Support was growing today for the alternative system of press self-regulation unveiled by industry leaders as an alternative to the government’s plans.
Regional newspaper publishers have teamed up with nationals to draw up a new Royal Charter for press regulation, saying the version published by the government on March 18 was “unworkable.”
In a joint statement with other industry publishing bodies, the Newspaper Society says its alternative proposals will provide tough self-regulation without the need for legal and political interference.
The move came after it emerged that council newspapers – the so-called Town Hall Pravdas – will be exempt from the government’s plans.
Former journalist and London Mayor Boris Johnson has already Tweeted his support for the industry plan, saying it “keeps best of Leveson but free from political interference.”
And in an interview with the West Sussex County Times, UKIP leader Nigel Farage said he was opposed to the government’s plans as it could put local and regional papers “out of the game”.
“I am mortified that in a smoke filled room in Westminster at half past two in the morning the Lib Dem and Labour agenda was agreed to by David Cameron and we’re heading towards state regulation of the press, and what we know with all forms of state regulation is that it becomes costly bureaucratic and effectively puts out of the game many of the smaller and medium sized players,” he said.
“I am very worried about it, and I don’t like it one bit.”
Unveiling the alternative plan, the NS said: “This initiative by the UK’s national, regional and magazine publishers completely accepts the need for a new regulator to be recognised by a genuinely independent body – which was a central conclusion of the Leveson Inquiry – and aims to help move the debate about the future regulation of the press to a constructive conclusion.
“Importantly, there will be a public consultation on the industry’s proposals giving newspaper and magazine readers the chance to have their say – a consultation that the government has refused for its state-sponsored scheme.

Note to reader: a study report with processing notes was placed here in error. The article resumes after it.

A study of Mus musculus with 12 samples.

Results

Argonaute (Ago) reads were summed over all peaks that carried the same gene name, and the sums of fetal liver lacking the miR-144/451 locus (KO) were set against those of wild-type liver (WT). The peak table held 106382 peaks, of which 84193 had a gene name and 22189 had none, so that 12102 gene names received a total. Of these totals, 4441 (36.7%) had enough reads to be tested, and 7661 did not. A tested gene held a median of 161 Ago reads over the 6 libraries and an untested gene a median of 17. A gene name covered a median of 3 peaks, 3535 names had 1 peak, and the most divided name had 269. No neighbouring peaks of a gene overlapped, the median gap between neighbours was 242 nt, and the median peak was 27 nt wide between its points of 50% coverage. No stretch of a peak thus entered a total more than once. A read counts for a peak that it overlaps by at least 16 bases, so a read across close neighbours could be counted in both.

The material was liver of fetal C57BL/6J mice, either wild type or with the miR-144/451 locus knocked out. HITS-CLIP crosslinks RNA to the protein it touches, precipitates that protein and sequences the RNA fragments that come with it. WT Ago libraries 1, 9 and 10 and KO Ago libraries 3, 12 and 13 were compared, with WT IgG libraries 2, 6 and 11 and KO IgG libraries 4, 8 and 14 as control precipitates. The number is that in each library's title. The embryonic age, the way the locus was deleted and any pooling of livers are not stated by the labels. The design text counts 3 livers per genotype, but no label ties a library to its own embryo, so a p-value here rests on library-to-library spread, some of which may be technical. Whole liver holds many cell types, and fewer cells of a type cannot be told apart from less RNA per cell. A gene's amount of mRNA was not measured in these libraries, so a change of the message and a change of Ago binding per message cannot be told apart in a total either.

“It is a workable, practical way swiftly to deliver the Leveson recommendations, which the industry accepts, without any form of state-sponsored regulation that would endanger freedom of speech. It has widespread backing across the industry.”
The NS initiative has been welcomed by the Society of Editors which warned the government against imposing a new system of regulation on the industry.
Its executive director Bob Satchwell said: “Any self-regulatory system, which is what Leveson recommended, has to be capable of earning the respect of the public and of the industry.
“It must of course be independent and have strengthened powers to meet the Leveson criteria but it cannot be simply imposed on the industry without any involvement in the way it is set up.
“Hacked Off and other opponents simply missed the point that the press is not just one publishing company or, indeed, national papers. It includes 1100 regional papers and hundreds of magazines which had nothing to answer for and which the inquiry praised as a vital public service. ”
“Parts of Lord Leveson’s report made very uncomfortable reading – the phone hacking, the hounding of the McCanns and bribes to public officials,” he wrote.
“But the regional press was in no way part of this. It was singled out for its contribution to local life, which he said was “truly without parallel”. It had adopted a different standard.
“Politicians must accept this compromise solution or they will be culpable in threatening not least a regional press which millions of people rely on for news that is clear, truthful and unhindered by the vested interests.”
Under the NS proposal, the regulator will have the power to impose fines of up to £1million – as suggested by Leveson – but only for “systematic” wrongdoing.
It would be composed of a majority of independent members to ensure neither the industry nor politicians have too much sway.
The Newspaper Society claims this new version will provide a system of regulation which is “tougher than anywhere else in the western world – which will be of real benefit to the public, at the same time as protecting freedom of speech.”
It emerged yesterday that the government’s plans will exempt council newspapers such as East End Life along with online-only bloggers and charity newsletters.